SOI message 1st August 2001. The 30-day average of the Southern Oscillation Index (SOI) is -3.2 as at the 1st August.
Across most of Queensland, the probabilities indicate that rainfall is most likely going to be below the median over the next three months according to recent patterns of the SOI and equatorial Pacific ocean temperatures.
Review of Climate Forecasts and Information 1st August 2001. Next update 5th September. Seasonal rainfall outlook
For most of eastern Australia there is a reduced chance of getting the median August-October rainfall this year.
The majority of districts in Queensland have only a 40-50% chance of getting median August-October rainfall. However, the probabilities decrease to only 20-30% in the north-east near Charters Towers and Cooktown. Also, the Central Highlands and most coastal districts between Rockhampton and Cape York have only a 30-40% chance of at least median August-October rainfall.
In the drought-stricken regions of the southern Queensland, rainfall probabilities have not improved significantly.
More detailed probabilities can be found in Australian Rainman.
Other States The north-east corner of NSW has the highest probabilities of above-median August-October rainfall with probabilities between 60-70%. However most of the rest of the state, and also Victoria, Tasmania, and Western Australia have equal chances of above or below median falls. In South Australia, the Eyre Peninsula has similarly equal probabilities; however in the northern half of the state, the probabilities are slightly lower (30-40%).
Remember, a 50% chance of above-median rainfall means there are equal chances of it being a wetter or drier 3 months based on the phase of the SOI.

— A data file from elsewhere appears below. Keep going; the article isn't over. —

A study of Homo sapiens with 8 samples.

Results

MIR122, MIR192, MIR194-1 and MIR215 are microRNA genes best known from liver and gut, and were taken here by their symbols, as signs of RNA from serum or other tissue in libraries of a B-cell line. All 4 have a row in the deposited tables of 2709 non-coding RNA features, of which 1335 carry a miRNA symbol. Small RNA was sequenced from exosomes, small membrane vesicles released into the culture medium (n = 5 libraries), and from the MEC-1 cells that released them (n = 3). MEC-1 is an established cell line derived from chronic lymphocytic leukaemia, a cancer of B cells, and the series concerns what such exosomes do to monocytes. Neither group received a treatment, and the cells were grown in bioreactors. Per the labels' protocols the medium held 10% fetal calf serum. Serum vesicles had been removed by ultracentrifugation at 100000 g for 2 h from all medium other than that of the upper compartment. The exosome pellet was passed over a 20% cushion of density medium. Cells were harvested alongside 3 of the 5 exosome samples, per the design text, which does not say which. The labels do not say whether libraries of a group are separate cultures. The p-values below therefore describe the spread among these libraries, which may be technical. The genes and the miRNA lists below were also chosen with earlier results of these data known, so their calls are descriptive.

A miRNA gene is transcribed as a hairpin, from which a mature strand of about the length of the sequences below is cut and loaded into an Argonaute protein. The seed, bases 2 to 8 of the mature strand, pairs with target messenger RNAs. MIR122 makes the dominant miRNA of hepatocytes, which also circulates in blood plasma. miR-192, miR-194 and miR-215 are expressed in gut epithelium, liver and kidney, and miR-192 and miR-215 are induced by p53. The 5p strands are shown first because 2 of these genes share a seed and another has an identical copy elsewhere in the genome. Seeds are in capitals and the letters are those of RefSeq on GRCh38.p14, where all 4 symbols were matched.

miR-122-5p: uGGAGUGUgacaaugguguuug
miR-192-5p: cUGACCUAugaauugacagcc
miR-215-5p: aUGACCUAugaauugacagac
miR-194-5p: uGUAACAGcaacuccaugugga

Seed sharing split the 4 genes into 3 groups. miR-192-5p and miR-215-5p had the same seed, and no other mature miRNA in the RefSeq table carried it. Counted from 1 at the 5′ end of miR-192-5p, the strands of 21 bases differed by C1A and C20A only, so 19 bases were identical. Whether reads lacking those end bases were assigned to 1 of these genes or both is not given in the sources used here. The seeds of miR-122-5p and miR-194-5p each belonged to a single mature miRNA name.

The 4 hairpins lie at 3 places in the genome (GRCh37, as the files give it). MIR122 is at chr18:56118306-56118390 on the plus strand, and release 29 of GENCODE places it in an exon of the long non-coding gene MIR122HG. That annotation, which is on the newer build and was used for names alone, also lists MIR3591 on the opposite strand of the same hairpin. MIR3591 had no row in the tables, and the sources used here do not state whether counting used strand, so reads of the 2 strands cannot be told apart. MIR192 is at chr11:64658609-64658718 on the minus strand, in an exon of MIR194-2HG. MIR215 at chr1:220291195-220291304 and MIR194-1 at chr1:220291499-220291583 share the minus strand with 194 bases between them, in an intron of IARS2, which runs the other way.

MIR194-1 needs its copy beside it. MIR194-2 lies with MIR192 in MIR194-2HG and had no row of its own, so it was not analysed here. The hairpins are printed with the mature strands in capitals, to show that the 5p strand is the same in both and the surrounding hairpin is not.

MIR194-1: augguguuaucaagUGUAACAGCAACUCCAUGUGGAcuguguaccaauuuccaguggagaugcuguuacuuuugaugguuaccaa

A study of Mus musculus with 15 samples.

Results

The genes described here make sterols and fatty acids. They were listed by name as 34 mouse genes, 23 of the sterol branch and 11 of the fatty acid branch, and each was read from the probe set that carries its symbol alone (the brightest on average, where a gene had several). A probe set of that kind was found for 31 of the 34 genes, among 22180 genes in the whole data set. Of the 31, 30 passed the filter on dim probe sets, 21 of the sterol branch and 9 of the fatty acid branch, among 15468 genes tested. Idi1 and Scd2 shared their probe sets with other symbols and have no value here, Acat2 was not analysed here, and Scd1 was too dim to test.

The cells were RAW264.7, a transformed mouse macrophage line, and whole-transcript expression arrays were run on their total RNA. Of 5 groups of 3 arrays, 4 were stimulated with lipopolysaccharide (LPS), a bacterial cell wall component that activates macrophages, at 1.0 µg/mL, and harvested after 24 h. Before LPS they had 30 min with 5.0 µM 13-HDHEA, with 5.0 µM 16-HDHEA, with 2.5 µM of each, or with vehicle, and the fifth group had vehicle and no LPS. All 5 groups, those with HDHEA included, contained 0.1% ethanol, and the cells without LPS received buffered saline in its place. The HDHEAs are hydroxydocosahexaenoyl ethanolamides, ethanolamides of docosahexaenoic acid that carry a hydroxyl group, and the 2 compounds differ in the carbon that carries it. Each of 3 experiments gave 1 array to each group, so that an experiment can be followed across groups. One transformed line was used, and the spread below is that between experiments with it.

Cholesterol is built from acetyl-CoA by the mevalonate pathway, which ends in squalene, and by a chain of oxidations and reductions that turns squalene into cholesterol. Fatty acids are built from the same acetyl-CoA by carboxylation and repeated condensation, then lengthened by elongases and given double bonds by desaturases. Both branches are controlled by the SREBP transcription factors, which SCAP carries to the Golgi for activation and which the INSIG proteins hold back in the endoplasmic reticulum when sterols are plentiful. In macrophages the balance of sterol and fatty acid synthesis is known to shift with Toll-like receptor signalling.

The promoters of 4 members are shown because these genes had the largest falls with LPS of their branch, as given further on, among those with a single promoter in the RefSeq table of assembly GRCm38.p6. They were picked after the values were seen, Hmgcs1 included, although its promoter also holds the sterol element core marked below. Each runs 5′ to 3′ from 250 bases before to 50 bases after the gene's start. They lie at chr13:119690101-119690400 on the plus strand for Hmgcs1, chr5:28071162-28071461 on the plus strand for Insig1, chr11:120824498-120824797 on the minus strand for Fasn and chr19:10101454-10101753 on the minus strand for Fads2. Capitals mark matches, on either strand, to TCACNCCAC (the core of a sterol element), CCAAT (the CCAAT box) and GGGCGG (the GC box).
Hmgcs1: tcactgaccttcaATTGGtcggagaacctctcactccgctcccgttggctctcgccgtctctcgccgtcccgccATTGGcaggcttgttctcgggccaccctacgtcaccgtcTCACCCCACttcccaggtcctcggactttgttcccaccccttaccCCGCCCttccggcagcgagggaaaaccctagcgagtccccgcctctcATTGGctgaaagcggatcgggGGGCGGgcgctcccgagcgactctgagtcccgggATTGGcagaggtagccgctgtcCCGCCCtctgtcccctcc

The 30-50 day oscillation
The 30-50 day oscillation is next due to have an influence on Queensland's rainfall towards the end of August. Although strictly speaking it is a tropical phenomenon, it appears to influence the timing of rainfall events rather than the actual amount of rain. This forecast system is based on experimental research only.
Future ocean temperature development
Ocean temperatures in the equatorial Pacific Ocean are in general presently close to the long-term average. However, overall the ocean has warmed significantly over the past 4 months and this can be seen at one of the Bureau of Meteorology's web sites: http://www.bom.gov.au/bmrc/ocean/results/ocean_anals/SEQ_Equator/2001/Jun.gi f
Most of the General Circulation Models that forecast El Nino and La Nina are predicting that we will be in a "neutral" event in 6 months time, although slight warming will take place.
A summary of these model outputs can be found at: http://www.bom.gov.au/climate/ahead/ENSO-summary.shtml Another good website providing an update of conditions in the equatorial Pacific Ocean is: http://www.pmel.noaa.gov/toga-tao/el-nino/forecasts.html#enso
Although we have the necessary preconditions for an El Niño, it remains to be seen whether the oceans will warm sufficiently.